Did Hollywood pinch its best tunes from classical music, or does orchestral tradition owe a big debt to the movies?
It could be a First World conundrum, but also matched the theme of WA Symphony Orchestra’s Cinematic program at the Concert Hall on Friday.
From the portentous tones of 2001 and Richard Strauss’s Also Sprach Zarathrustra, to a whimsical Nigel Westlake suite for the kids’ movie Paper Planes, to Erich Korngold’s Violin Concerto No.4, it was hard to unbundle the fate of film and orchestra over the decades.
Westlake’s Flying Dream opened with a delicate rustle of harp and bells in a scene of mystery spun out in piano, piccolo and flute, with brass weighing in to swell a sweeping theme; cinematic, even (hold that thought).
Conductor Ben Northey, a crowd favourite, kept the tone light and airy to fit the movie title in an ever-changing soundscape where no one voice held sway; perhaps fitting in an orchestra bolstered by guests and COVID reinforcements.
Chicken and egg, movie and classics? Korngold’s concerto had a bet each way, drawing on his immersion in movie music for his breakout to concert hall in post-war America.
Violinist Baiba Skride honoured the motif in a splash of technicolor with a crimson gown and richly romantic phrasing to channel the Golden Age — and just a hint of The Simpsons in the jarring “devil’s interval” of the beloved show tune.
Chicken and egg again?
Korngold beat the well-worn path of refugees from Vienna to LA in the 1930s, but here seemed to walk back towards the Romantic-era greats, adding a dash of popular pizzazz.
There was also a touch of modernism in a frenzied, angular cadenza that Skride pursued relentlessly into high harmonics before returning to earthy drama to close the Allegro nobile first stanza.
Sighing strings with harp highlights opened the second movement, Romance, then wholesome chords sustained a narrative solo line; perhaps a leitmotif for a matinee idol, elusive in the upper register.
Skride seemed to blossom in the mid-range before returning restlessly to harmonics; maintaining a touch-me-not distance from the tutti strings, woodwind and brass, musing mysteriously in meditation to close.
Hustle and bustle in solo and ensemble for the finale flipped the switch with a touch of humour in vamping chords, morphing to virtuosic flurries from Skride’s bow.
Hearty orchestral playing suggested you could take the boy out of Hollywood, but not Hollywood out of the boy; a bucolic timbre in sharp contrast to Skride’s will o’the whisp, elusively skimming across the top before plunging decisively in a vigorous climax.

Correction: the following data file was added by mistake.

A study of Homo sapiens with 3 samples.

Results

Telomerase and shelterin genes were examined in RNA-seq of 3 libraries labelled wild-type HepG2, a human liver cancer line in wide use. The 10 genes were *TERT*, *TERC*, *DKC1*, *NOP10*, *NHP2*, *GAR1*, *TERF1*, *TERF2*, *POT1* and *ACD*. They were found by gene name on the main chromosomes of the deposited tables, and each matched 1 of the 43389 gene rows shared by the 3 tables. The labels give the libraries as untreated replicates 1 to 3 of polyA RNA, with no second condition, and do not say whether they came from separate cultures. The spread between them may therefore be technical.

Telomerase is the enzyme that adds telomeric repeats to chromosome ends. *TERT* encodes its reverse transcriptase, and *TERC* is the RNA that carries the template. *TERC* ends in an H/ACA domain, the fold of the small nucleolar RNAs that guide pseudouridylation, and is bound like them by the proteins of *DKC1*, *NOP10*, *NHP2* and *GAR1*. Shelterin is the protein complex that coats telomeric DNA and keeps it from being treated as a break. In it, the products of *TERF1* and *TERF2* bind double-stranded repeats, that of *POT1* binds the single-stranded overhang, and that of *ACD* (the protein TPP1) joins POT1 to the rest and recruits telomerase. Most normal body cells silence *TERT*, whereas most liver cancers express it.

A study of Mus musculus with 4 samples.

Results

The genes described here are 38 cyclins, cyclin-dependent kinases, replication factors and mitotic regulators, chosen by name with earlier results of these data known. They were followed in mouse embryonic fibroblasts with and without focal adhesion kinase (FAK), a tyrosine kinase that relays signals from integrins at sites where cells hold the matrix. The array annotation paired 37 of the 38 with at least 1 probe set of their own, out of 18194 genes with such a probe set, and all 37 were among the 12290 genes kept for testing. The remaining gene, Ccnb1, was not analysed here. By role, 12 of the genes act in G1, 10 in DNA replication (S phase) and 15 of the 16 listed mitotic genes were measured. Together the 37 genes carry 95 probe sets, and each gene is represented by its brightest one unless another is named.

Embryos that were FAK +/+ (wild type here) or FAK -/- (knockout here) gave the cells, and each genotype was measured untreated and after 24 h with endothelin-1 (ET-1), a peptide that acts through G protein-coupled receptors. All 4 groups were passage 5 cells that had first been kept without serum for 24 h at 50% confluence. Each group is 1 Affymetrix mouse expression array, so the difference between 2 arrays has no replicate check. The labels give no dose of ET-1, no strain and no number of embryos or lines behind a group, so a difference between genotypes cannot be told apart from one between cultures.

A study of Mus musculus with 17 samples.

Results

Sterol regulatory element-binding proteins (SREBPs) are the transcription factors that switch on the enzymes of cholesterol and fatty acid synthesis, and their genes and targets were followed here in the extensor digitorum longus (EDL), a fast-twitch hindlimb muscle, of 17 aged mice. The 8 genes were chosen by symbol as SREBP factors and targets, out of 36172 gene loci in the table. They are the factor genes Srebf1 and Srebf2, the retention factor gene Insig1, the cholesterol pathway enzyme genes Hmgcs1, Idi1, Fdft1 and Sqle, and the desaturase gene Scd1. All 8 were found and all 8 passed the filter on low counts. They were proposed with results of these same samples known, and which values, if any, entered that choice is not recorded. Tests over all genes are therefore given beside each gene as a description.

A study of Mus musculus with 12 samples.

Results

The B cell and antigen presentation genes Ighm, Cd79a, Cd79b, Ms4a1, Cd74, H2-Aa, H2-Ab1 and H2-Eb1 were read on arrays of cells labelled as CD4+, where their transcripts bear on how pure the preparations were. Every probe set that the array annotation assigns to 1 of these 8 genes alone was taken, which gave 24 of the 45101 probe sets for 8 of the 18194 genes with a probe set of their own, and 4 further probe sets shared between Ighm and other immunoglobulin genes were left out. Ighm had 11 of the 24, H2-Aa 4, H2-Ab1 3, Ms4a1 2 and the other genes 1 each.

After the interval, deep rumbling in the organ as always evoked awe in the Sunrise moment from Also Sprach Zarathrustra, trumpets rising ominously before the orchestra flared and timpani hammered home the glory of the universe; Northey’s grandiose gestures a work of art in themselves.
Were we hearing Nietzsche’s 19th century paean to superman (no, not that Superman), Strauss’s symphonic poem, or Kubrick’s Space Odyssey?
Whatever the answer, Kubrick faded as the work progressed through dark machinations in low brass and strings then horns, offset by lush melody in violin and viola and sustained cello and bass, waxing rhapsodic; underpinned by deeply harmonious organ chords as Daniel Schmitt’s viola sang a suave solo.
Morphing to melodrama in stentorian trumpets, surging strings set up stark contrast over timpani’s fateful rattle.
Switching again in chromatic glissando slurs across the orchestra, Rod McGrath’s solo cello descended to funereal mode in tutti cello and bass.
Bassoon followed in sombre fashion, echoed in clarinet, as latent turmoil resurfaced, unleashing syrupy strings.
Looping lines across the stage hardened resolutely to high drama in lavish flourishes and a sudden break.
Turmoil resumed then resolved in dance, a lavish waltz with rippling harp and robust rubato firmly in Northey’s grip and decisively played across strings under concertmaster Laurence Jackson’s lead.
At the last, triumphal phrases with trumpet fanfares and bells tolling faded over shimmering strings to an infinitesimal cadence.
Applause and ovations followed in a cinematic “you have been watching” sequence: soloists, sections, full orchestra — everyone.
Cinematic is repeated on Saturday, August 27, 7.30pm.
WASO returns to the Concert Hall with Beethoven and Prokofiev on September 2 and 3, 7.30pm.